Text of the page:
Page 54. " when he spoke of Sharpeville "
Painting of the Sharpeville Massacre
Creative Commons AttributionPainting of the Sharpeville Massacre

On 21 March 1960,  South African police opened fire on a mass anti-apartheid protest  in Sharpeville, South Africa, killing 69 people. 

Page 54. " the growth of Britain's coloured population "

Until the Immigration Act of 1962, Commonwealth citizens had the automatic right to unrestricted immigration to the UK.  During the early 1960s there was growing concern about the number of people from Africa and South Asia arriving to settle in the UK. This would lead to Enoch Powell's infamous "Rivers of Blood" speech in 1968:


Page 62. " a flat in Dolphin Square "
by cm

An imposing block of apartments in Pimlico, built between 1935 and 1937, complete with tennis courts, swimming pool and shopping arcade. Anne, the Princess Royal, and Harold Wilson both lived there.

A Soviet spy, John Vassall, who was arrested in 1962 (the year before this novel was published) had an apartment in Dolphin Square.  Both the Free French of Charles de Gaulle and MI5 used apartments here.

Google Map
Page 64. " Dulles "

John Foster Dulles (1888-1959) was US Secretary of State under President Eisenhower.  He was considered a hawk in his stance against Communism, supporting the French war effort in Indochina and working with his brother Allen, Director of the CIA, to overthow the democratically elected government of Guatemala.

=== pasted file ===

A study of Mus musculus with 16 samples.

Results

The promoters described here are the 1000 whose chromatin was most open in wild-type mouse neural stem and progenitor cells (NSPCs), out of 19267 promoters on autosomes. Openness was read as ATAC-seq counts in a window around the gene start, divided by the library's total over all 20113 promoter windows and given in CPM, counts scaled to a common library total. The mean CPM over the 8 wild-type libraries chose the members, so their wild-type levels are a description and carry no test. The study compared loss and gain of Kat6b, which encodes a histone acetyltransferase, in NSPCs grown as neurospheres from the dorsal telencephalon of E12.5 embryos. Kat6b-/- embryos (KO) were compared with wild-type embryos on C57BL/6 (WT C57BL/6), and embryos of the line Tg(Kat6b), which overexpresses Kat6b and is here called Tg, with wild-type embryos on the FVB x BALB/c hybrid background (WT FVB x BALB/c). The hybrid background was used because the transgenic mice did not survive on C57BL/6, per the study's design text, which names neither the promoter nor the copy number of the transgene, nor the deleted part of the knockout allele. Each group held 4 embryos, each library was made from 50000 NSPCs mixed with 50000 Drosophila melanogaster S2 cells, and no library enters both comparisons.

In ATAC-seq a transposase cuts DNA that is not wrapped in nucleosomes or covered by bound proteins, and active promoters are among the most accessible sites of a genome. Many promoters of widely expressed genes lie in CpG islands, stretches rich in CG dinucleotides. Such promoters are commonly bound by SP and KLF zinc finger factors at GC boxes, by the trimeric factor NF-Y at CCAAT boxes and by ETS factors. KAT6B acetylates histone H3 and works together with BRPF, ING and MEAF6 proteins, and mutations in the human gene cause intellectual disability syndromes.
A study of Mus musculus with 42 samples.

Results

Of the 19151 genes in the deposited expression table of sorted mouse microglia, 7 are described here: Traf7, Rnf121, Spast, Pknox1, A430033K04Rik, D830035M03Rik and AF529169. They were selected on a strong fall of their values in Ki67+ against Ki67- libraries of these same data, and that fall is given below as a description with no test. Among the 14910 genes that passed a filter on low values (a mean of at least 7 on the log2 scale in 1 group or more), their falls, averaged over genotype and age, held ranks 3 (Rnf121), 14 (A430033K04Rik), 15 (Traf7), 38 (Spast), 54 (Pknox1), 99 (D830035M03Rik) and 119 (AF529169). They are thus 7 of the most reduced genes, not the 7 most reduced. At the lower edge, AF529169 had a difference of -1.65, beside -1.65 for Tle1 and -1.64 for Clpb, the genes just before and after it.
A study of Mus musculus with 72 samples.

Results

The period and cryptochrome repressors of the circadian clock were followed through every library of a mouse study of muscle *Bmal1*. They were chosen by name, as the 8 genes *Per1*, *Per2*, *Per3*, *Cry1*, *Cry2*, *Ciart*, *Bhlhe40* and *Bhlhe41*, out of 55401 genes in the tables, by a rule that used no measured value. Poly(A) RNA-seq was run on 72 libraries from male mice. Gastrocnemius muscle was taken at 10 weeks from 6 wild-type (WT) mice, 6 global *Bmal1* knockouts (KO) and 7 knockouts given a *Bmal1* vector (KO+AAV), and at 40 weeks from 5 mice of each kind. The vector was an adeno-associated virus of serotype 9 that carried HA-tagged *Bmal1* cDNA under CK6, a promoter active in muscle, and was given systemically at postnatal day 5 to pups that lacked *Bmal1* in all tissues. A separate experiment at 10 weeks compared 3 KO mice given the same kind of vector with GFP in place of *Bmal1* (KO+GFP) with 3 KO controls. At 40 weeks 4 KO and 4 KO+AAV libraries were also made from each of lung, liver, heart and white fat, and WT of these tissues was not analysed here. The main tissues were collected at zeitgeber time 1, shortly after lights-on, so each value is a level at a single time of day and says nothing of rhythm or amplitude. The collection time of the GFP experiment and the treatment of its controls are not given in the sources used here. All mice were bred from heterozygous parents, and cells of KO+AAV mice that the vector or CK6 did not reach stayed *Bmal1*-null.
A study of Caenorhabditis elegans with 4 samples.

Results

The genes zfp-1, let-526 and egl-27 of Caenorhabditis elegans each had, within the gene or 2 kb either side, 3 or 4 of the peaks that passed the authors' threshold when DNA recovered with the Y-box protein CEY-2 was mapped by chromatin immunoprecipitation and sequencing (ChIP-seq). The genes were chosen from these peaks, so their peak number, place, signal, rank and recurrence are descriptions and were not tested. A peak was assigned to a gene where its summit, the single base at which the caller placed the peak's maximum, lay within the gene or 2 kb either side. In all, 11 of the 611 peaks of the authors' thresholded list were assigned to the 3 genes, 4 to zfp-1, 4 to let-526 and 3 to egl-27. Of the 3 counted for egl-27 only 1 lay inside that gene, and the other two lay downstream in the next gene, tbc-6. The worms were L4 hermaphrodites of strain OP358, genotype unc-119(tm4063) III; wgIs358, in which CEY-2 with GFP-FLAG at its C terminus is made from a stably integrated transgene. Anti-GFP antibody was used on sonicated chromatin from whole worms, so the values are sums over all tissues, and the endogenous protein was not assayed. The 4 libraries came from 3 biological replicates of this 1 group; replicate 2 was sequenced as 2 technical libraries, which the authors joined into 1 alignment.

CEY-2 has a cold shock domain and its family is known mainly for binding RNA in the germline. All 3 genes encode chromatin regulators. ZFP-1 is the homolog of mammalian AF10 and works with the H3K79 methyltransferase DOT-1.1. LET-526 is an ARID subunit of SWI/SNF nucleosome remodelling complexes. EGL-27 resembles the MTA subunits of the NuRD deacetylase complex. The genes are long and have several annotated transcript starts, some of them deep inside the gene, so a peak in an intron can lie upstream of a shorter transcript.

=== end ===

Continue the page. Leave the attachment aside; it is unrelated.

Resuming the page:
Page 64. " Kennedy takes it away "

John F Kennedy with Nikita Krushchev, 1961
Public DomainJohn F Kennedy with Nikita Krushchev, 1961 - Credit: U. S. Department of State
John Fitzgerald Kennedy was President of the USA from 1961 until his assassination in 1963.  During Kennedy's short presidency the space race accelerated and Yuri Gagarin of the Soviet Union became the first person to be launched into space.  Shortly after this event, Kennedy ordered a failed invasion of Cuba. The Bay of Pigs fiasco was a major embarrassment to his administration.

In October 1962, American spy planes acquired photographic evidence of a Soviet missile installation in Cuba. After Kennedy's threat to impose a naval blockade, the Soviet Union's Premier Nikita Krushchev agreed to remove the weapons, averting nuclear war between the two superpowers.  The Cuban Missile Crisis, as this event became known, shaped Kennedy's entire approach to the Soviet Union.

In June 1963, the President visited Berlin and gave his famous Ich bin ein Berliner speech calling for communism to be replaced with representative democracy and capitalism.  

Page 65. " Nature Study. Members only. "

A typical Soho street scene in the early 1960s
Creative Commons AttributionA typical Soho street scene in the early 1960s
The strip club is in Wardour Street, Soho, an area of London famous for its sex industry.  The use of euphemisms like 'Nature Study', which now sound both coy and seedy, was common.

Page 73. " an earnest, worried little man. He looked like a civil servant. "

One of the Circus's chief spymasters, George Smiley, makes an appearance from time to time, shadowing Alec Leamas as he carries out his mission.  He would later become the main focus of John le Carré's writing.

Alec Guiness made the role his own in the television adaptations of Tinker Tailor Soldier Spy and Smiley's People.